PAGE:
Ending this embargo would not put the ball in America’s court. However, for the Cuban people, it is crucial.

Everyone always remembers the exact place where they received hair-raising news, such as an attack on their nation, triumph or defeat in a war or revolution, a terrorist act or the naming of a new pope.

I had recently arrived in Uruguay, when my cellphone rang. The voice of one of my dear friends, a purebred journalist, was violently yelling at me without even saying hello. “Turn on the television; they are lifting the embargo against Cuba. Obama is talking!”

A chill ran through my body, a shock that I have rarely felt, wanting to both laugh and cry in disbelief and bewilderment. I put on the television and there was Barack Obama announcing the restoration of relations and the future lifting of the embargo.

I left Cuba when I was 9 years old, in March of 1960, with my mother. My father had left two days before we all met in Miami in order to divide ourselves. My parents and I went to Argentina, my brothers went to high schools in the U.S. Ever since then my place was in Argentina; my lost paradise was Cuba.

My first return to the island was in the 1984, an impossible dream that was made a reality thanks to many coincidences. I returned to my homeland and birthplace after 24 years of exile. Many more years have passed since then, and I swear that no living emotion could compare with that one. I later took two more trips to Cuba, one 12 years after the first and the last three years ago. Ever since that first trip, I was convinced that the embargo or the block functioned only as an excuse, because in Cuba, for those that had money and diplomatic passports or positions in the government, there were the “diplotiendas” (store for diplomats) of privilege and for the people, just rations.

Over the years, we saw changes in the Cuban convertible peso (or CUC), from legal to illegal dollar and vice versa, small business venture alternately permitted or prohibited at a whim according to government control. Since that first trip, however, there has always been access to certain branded products, all triangulated via Mexico, Canada or Europe at crazy prices for the common Cuban and on sale for the wealthy, diplomats, senior government officials or the happy owners of foreign currency. This means that the block was a complete sham. But staying intact in the revolutionary discourse and in the hearts of every indoctrinated Cuban: the embargo was the predatory monster responsible for Cuba’s empty pockets.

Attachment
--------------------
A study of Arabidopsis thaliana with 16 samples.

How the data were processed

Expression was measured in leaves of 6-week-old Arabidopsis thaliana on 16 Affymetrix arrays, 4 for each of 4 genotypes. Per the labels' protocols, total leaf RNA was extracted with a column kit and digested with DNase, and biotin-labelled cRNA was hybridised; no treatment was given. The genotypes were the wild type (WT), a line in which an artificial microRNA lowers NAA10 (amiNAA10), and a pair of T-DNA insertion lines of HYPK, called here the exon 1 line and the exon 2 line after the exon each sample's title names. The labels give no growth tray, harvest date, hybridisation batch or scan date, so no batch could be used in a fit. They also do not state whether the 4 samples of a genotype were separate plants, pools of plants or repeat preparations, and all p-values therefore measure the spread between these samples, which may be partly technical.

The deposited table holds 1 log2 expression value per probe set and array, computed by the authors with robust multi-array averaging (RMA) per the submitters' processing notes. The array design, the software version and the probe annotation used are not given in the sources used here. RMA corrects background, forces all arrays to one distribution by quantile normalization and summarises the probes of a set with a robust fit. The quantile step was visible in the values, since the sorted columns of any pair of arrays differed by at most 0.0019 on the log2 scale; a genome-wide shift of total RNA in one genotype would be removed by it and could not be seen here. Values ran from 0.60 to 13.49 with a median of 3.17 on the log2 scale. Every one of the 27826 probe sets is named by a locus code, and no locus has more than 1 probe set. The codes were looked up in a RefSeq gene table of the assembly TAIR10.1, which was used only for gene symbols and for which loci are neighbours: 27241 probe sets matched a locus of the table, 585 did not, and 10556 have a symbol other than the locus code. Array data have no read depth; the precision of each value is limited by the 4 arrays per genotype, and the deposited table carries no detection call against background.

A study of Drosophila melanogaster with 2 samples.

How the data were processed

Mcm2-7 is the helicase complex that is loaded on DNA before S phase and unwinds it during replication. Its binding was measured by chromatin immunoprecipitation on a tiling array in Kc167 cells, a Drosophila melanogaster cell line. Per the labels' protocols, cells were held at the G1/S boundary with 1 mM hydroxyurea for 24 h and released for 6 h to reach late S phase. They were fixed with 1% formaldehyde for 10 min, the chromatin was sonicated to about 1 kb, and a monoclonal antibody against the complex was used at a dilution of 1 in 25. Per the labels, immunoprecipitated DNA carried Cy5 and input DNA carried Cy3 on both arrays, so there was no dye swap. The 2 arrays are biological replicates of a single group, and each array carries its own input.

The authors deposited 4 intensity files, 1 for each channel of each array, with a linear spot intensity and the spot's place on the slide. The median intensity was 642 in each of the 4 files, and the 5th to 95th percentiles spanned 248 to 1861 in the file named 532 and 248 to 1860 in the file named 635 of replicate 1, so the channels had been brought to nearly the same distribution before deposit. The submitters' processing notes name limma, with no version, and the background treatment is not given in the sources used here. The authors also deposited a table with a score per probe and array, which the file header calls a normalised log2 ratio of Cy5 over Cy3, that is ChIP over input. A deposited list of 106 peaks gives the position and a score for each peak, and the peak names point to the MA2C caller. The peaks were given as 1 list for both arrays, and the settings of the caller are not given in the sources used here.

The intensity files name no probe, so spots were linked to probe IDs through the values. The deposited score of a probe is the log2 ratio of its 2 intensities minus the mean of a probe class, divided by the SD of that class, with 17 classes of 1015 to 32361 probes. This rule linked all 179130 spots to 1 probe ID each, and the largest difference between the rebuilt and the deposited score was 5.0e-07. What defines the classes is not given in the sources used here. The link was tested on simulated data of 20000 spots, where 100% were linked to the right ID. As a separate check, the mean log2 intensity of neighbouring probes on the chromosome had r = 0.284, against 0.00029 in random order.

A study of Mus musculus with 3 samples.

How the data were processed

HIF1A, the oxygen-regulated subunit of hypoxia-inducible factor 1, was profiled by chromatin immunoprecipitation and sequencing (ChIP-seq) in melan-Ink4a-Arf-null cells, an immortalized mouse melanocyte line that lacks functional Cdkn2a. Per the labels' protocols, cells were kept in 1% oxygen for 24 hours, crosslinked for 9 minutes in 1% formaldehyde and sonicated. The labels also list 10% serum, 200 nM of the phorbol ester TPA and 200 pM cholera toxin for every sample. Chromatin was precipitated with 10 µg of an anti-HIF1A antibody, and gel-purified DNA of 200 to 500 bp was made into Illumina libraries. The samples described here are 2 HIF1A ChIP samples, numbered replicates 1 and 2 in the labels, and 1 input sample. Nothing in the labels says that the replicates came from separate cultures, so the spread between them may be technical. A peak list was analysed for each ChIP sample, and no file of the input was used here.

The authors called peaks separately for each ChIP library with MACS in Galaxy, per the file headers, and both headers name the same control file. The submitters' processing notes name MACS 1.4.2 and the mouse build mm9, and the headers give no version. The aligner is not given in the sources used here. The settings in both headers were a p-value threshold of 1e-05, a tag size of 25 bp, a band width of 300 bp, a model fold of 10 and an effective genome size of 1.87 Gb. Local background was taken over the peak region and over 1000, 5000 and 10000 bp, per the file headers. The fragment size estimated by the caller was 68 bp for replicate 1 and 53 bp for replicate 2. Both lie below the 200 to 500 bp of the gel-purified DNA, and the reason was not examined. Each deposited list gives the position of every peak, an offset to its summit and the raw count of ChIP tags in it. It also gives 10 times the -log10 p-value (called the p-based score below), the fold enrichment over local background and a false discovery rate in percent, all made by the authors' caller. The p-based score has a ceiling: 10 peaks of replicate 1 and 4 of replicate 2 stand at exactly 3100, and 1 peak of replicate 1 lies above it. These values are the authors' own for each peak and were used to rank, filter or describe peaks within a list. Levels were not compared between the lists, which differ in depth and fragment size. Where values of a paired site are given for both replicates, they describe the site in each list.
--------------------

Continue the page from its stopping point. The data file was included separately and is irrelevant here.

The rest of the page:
On each trip, I could feel what had truly been achieved by imposing the isolation and lack of information.

In those years, the highest ambition for a family was to have a pair of blue jeans and a pair of shoes for each member of their family, not included in their rationing notebook.

Concepts such as freedom to choose a career, job and housing in those years were, for the Cubans, like talking about Mars. In 1996, at the end of the “special period,” Cuba was still much more worse than it was in 1984, and they continued ignoring the whole world, repeating in schools their old revolutionary slogans and giving thanks to Fidel for being the valiant David before Goliath.

Ever since then, I prayed that the United States would lift the embargo, at whatever price. Nothing could have been more disadvantageous than the hatred against “Yankee Imperialism” absorbed generation after generation.

The more I analyzed my travels to Cuba, the more I was convinced of unfixable damage that the blockade or embargo (I know that these aren’t the same, but neither was the actual practice) caused in the hearts of the people. Nothing can unite a people more than a common enemy.

The blockade is and has been a huge lie that must be exposed at the right time. Perhaps the shipments and money shipments that saved thousands of families in Cuba from famine aren’t working? And is this bad? Or perhaps we would have preferred, after strictly defending the blockade, that the Cuban islanders finished eating off of the roots of trees as in China?

Ending this embargo, although it would only be one-sided, would not put the ball in America’s court. However, for the Cuban people it is crucial. Proving that the United Sates is ready for any change for little or not benefit, and then proceeding to move the pieces, is a start. Trying to begin erasing the hatred would take generations, but we need to start one day.

We agreed that Cuba lives under a totalitarian regime, unjust and inefficient, and that we want to better the situation of the people. Is this not sufficient for us to unite in exile?

“A piece has been moved, which has started the game,” someone from Cuba told me by phone. “I am skeptical,” he added, “but maybe something will change and maybe it’s more than we had 10 days ago.”

I do not know how to ask the Cuban diasporas to permit themselves to feel or to pass on a little bit of hope.